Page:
EU to reimpose state aid limits as pandemic shock eases
The EU said Thursday it will begin to reimpose the bloc’s suspended state aid rules next year, arguing that the European economy is healing after the shock of the Covid-19 pandemic.
In March 2020, the European Commission largely waived the rules, allowing national governments to urgently pump cash into economies that were felled by drastic anti-coronavirus lockdowns.
Vestager said three trillion euros ($3.4 trillion) in state aid had been approved, in 670 decisions.
“Without extraordinary public support, otherwise viable companies would not have survived,” she told reporters.
Vestager also confirmed plans to modify EU competition rules so that investments can flow more freely to fight climate change and boost Europe’s tech sector.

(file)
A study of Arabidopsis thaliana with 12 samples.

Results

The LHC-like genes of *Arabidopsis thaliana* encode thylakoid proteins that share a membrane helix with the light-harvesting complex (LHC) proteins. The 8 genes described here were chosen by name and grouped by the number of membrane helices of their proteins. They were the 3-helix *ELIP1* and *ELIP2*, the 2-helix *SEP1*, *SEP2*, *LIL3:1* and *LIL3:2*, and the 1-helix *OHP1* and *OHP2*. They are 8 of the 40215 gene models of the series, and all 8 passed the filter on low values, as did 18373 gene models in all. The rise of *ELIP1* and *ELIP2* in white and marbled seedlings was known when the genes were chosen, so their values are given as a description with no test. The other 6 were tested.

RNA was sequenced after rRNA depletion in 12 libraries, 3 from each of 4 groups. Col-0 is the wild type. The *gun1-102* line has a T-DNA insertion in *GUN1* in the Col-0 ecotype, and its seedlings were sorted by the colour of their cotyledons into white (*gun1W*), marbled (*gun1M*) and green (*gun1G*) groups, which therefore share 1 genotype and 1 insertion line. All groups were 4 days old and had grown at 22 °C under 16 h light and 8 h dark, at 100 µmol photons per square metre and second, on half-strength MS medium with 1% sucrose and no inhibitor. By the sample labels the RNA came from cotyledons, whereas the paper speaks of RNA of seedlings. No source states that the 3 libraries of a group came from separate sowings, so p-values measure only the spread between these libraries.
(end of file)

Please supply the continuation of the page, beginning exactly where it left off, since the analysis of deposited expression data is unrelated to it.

The Danish commissioner put a special focus on semiconductors, with European companies highly dependent on imports from China, Taiwan and South Korea for their supply.
The supply of semiconductor microchips has been severely constrained in recent months, wreaking havoc on European industry, most notably electric cars and other high tech products.
Vestager warned that Europe needed its own “secure supply” and that the EU “may consider approving public support to fill possible funding gaps”.
A supply of EU-made chips could take years, and will most likely need hefty state backing in order for private companies to take on the challenge.
Vestager said public money could go to help build “first of its kinds of facilities” in Europe, though she added that there would be “safeguards” to help preserve fair competition.
France especially has called for Europe to develop its own microchips and has heaped pressure on the commission to loosen its rules on public investment in order to do so.